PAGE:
Lewis Couldn't Afford to Wait for Perfect Job

January 19, 2003|Michael Wilbon | Washington Post

WASHINGTON — It's naive, this talk that Marvin Lewis shouldn't have taken the Cincinnati Bengals' job.

Yes, it's risky to sign on to captain the sports equivalent of the Titanic.

The Bengals went 2-14. The club has had 12 consecutive non-winning seasons and hasn't reached the playoffs since 1990. It's so inadequately run that the assistant coaches double as scouts -- during the season. The best chance for the Bengals to turn it around could be for the NFL to take over and operate the team.

And despite all that, Lewis had to accept the Bengals' offer. Had to. No choice. He had to leave the Redskins, had to stop being an assistant coach.

Why? Why does Lewis, a coach who has put together a top-five defense each and every season he has been a defensive coordinator (No. 2 in 1999, No. 2 in 2000, No. 2 in '01 and No. 5 in '02) have to take such a dreck job?

Because of Sherm Lewis, Art Shell, Emmitt Thomas, Jimmy Raye and Terry Robiskie, among others. They waited by their phones for years and years without it ringing.

Well, it rang for Shell once and all he did was make the playoffs just about every year and take the Raiders to an AFC championship game one year. But it didn't ring for Shell again.

It never rang for the other guys; they still wait. Marvin Lewis knows each of them; it's possible one or more could wind up on his staff in Cincinnati.

Lewis also knows those men were possibly better coaches than he is. But black coaches don't get to pick head coaching jobs in the NFL or in the college ranks. There's no menu; they eat what's on their plates, if anything.

Lewis wasn't offered the Dallas Cowboys' job, wasn't interviewed for it. He wasn't offered a head coaching job the year before that, even though he had the No. 2-ranked defense in the NFL. He wasn't offered a job the year before that, even though his Baltimore Raven defense, the one that led the franchise to its only Super Bowl, set a record for fewest points allowed.

You go back in recent history, you'll find that Buddy Ryan became a head coach immediately after the Bears won a Super Bowl. Dave Wannstedt and Norv Turner became head coaches immediately after the Cowboys won Super Bowls. Gregg Williams and John Fox became head coaches a year after their teams went to the Super Bowl.

Perhaps you've noticed that Lewis didn't get a job after the Ravens won, didn't get a job the next season, either. He got another job as an assistant, with the Redskins, before he got this call. So, of course, Lewis had to say yes to the Bengals. His only option was to coach in the college ranks. Talk about a dilemma.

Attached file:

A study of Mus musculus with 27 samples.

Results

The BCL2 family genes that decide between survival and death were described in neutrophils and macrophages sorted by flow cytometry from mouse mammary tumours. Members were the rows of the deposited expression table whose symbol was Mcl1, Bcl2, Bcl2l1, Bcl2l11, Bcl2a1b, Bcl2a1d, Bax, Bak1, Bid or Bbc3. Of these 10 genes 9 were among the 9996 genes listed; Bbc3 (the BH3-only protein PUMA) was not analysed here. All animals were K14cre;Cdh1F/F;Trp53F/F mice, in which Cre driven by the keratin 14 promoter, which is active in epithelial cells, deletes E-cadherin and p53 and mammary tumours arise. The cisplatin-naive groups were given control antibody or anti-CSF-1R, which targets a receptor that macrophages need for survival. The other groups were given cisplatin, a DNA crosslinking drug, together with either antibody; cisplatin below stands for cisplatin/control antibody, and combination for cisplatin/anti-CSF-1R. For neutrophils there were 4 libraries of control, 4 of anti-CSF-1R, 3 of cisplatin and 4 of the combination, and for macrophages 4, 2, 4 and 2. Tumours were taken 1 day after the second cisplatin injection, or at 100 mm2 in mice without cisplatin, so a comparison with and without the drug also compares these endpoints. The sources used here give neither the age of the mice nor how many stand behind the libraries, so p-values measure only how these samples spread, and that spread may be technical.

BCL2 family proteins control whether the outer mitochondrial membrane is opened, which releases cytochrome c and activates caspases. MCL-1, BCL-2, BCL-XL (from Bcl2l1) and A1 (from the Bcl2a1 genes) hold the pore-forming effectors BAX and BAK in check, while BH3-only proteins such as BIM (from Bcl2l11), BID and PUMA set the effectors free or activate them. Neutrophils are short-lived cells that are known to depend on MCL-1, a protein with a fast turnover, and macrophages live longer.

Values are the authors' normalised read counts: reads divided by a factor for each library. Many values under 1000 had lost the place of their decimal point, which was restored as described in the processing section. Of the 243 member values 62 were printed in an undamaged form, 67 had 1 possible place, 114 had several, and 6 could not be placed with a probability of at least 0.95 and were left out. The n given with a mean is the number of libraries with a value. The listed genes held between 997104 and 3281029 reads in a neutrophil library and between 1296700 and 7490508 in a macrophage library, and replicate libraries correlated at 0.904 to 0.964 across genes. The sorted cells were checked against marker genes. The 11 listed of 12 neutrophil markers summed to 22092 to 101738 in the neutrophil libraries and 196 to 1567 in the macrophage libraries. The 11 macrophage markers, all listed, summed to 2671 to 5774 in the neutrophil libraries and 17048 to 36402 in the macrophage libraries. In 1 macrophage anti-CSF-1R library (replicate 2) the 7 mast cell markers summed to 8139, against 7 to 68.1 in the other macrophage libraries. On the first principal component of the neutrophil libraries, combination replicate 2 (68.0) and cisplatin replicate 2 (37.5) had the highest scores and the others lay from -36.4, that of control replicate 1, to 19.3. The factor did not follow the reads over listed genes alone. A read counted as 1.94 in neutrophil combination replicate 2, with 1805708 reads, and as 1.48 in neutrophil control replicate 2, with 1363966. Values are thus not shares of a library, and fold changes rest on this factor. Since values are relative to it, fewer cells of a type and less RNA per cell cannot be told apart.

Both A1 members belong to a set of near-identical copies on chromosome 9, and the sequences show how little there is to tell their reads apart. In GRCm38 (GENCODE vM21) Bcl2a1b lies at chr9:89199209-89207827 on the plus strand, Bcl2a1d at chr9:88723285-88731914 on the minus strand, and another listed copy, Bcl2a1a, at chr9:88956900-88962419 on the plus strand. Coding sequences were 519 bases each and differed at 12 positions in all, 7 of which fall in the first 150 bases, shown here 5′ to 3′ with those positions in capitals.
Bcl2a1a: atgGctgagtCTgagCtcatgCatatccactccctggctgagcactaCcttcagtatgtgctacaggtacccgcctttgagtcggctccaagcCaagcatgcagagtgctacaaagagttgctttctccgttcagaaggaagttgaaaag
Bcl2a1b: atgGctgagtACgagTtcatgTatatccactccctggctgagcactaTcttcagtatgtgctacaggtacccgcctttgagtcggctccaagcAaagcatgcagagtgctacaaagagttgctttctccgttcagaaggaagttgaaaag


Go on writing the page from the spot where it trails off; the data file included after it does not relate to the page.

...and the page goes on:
Now, if he really wants to play what-if, Lewis can wonder what might have happened if the 49ers had fired Steve Mariucci two days earlier. A very smart man who knows Lewis wanted him to wait and see if the 49ers were going to fire Mariucci this week, which some folks knew was coming. The spin you'll hear out of San Francisco is that in a meeting with owner John York, Mariucci said he wanted more say over personnel. The story goes that York, who likes the duties of president, general manager and coach clearly defined, said no way and fired Mariucci.

You can believe that if you want. Truth is Mariucci was fired when the 49ers fell behind the Giants, 38-14, early in the fourth quarter of that playoff game in San Francisco 11 days ago.

Terry Donahue, the general manager and tag-team partner of 49er legendary ex-coach Bill Walsh, walked off the field when the 49ers trailed by 24 points. Maybe nobody told Donahue that Mariucci's team pulled off the second-biggest comeback in NFL playoff history.

Minutes afterward, in the 49ers' locker room, Walsh said, "Our coach needed a big-time victory over a really good team."

That's what we call the handwriting on the wall. A blowout loss at Tampa sealed it. Mariucci, a man who won 59.4% of his games and whose teams won 12 games three times in his first five years as coach, got fired because he didn't win the Super Bowl. That's it.

Everybody associated with the 49ers is spoiled rotten.

I'm not sure that's the gig Marvin Lewis would have wanted, either, not that he'd have gotten it, and he wouldn't have.

But it's done now. Lewis simply has to make the best of this situation, though we all wonder how much that can amount to when the Bengals pay their assistants less than other clubs but ask them to work more, when the Bengals reportedly have the smallest posse of scouts in the NFL.

How do you pull a team out of a hole when the owner has his family members and in-laws making major decisions? How can a mom-and-pop operation do battle with corporate giants?

Lewis, besides his ability and savvy, has one important thing going for him: players. The Bengals have Corey Dillon, one of the league's best running backs, and a Pro Bowl fullback in Lorenzo Neal. They have a free-agent linebacker, 26-year-old Takeo Spikes, to whom Lewis has to say: "If you stay here, I'll help you become Ray Lewis."

Marvin Lewis will also have to say to his new owner, Mike Brown: "You've drafted David Klingler (sixth overall in 1992) and Akili Smith (third overall in 1999) and look where it got you. We don't need to draft a quarterback. Jon Kitna can be our Trent Dilfer."

The Bengals' new coach is going to have to be bold and have some luck.

Another thing going for him? Dick LeBeau was 12-33, Bruce Coslet was 21-39 and David Shula was 19-52. The bar isn't very high in Cincinnati.

Maybe a man who coaches defense like Marvin Lewis can win seven or eight games next season or the season after, restore some respectability and hope an owner in a more hopeful situation will ask for his phone number.